City of Anaheim officials have released a sales pact to sell off the 153-acre Angel Stadium site and the land around it, but questions remain on what the final price tag is after a series of community benefits – such as labor agreements, affordable housing and parks, are included in the final deal.
Official documents – which are expected to be approved by city council members at the Dec. 20 public hearing – establish a starting point for a sales price, now at $325 million – while also noting that a final price tag will come after negotiations this Spring on a development agreement that will cost-off a host of community give backs.
There’s also questions about who the buyers are, besides Angels’ owner Arte Moreno.
The city will sell the 153-acre property to SRB Management, which was formed Nov. 20 in Delaware, according to online filings.
Moreno is part of that firm, but city officials said they don’t know who the other partners are and an Angels spokeswoman said they won’t release that information.
The documents don’t specifically address how the $325 million price tag could get lowered, but the sales agreement states the final price could be adjusted by “potential credits as agreed to in writing by Seller and Buyer.”
Those credits will be determined by a specific agreement known as the Disposition and Development Agreement.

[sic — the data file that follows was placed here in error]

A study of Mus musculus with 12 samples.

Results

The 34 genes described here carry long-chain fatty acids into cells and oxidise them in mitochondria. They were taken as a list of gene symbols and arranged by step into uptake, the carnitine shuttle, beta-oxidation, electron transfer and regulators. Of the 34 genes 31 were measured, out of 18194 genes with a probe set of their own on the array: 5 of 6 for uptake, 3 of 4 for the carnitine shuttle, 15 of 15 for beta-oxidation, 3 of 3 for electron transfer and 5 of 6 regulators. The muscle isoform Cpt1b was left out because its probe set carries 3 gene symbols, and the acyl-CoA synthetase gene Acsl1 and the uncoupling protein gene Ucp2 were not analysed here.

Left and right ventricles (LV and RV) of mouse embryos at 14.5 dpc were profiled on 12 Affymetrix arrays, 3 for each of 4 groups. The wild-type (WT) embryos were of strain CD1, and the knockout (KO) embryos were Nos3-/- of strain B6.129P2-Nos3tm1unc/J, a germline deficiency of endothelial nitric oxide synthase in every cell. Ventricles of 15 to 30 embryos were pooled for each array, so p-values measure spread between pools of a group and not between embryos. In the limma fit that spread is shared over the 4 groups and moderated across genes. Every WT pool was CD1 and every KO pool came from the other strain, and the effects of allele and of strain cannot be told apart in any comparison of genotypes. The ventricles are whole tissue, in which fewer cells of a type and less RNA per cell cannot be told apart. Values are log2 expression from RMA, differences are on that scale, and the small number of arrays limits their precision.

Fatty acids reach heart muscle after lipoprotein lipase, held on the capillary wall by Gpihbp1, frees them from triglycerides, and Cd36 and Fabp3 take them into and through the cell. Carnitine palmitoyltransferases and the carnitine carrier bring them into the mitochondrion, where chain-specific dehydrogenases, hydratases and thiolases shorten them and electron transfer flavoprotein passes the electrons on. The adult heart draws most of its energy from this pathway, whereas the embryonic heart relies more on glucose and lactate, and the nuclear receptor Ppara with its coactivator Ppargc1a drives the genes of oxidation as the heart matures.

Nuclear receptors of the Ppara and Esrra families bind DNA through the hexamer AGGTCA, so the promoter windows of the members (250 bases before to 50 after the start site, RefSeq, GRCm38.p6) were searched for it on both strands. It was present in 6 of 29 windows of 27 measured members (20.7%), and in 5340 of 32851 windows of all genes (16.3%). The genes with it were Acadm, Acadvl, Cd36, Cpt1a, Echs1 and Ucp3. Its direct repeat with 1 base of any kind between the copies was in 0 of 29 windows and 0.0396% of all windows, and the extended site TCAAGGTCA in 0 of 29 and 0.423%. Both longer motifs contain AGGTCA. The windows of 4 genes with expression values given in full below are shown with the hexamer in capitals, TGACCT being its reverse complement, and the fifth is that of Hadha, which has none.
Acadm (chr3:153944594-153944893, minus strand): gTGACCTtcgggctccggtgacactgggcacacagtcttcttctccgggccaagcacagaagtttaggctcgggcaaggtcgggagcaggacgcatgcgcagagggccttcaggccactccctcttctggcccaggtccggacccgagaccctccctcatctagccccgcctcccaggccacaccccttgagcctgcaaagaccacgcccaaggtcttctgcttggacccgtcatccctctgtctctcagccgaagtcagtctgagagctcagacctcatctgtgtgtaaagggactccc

Community benefits like parks and affordable housing are expected to be negotiated in that agreement, which could lower the price. There’s also a community workforce agreement expected to be negotiated.
But those agreements won’t be voted on until some time next Spring, according to an overview of the land sale released last Wednesday.
Anaheim looks unwilling to give any tax rebates, at least initially, according to the agreement.
“Buyer (SRB Management) agrees that during the term of this Agreement and after the Closing Date, Buyer will receive no reimbursement for property, sales or transit occupancy taxes received by Seller (Anaheim) unless otherwise agreed to by Seller,” reads the proposed sale agreement.
An updated appraisal released last Wednesday valued the stadium land between $300 million and $320 million.
The last stadium appraisal, during the previous round of negotiations, valued the land between $225 million and $325 million.
The land sale summary report also gives some revenue projections from expected developments after the land is sold.
After Moreno’s company develops all the land, it could generate $20 million in taxes annually for Anaheim, according to city projections. Construction isn’t slated to start until at least 2025, after Moreno and Anaheim approve a master site plan and environmental reviews are completed.
Over the past 10 months, numerous economists have told Voice of OC that economic benefits reports and projections are often times skewed in favor of hosting professional sports at municipal stadiums.
The newly released sale summary doesn’t have the full economic report, but a 2014 economic study painted a different picture.
Over the past 10 years, most economists have agreed economic projection studies on stadiums and surrounding land are often inflated and don’t take into account spending shifting from one side of the city to another.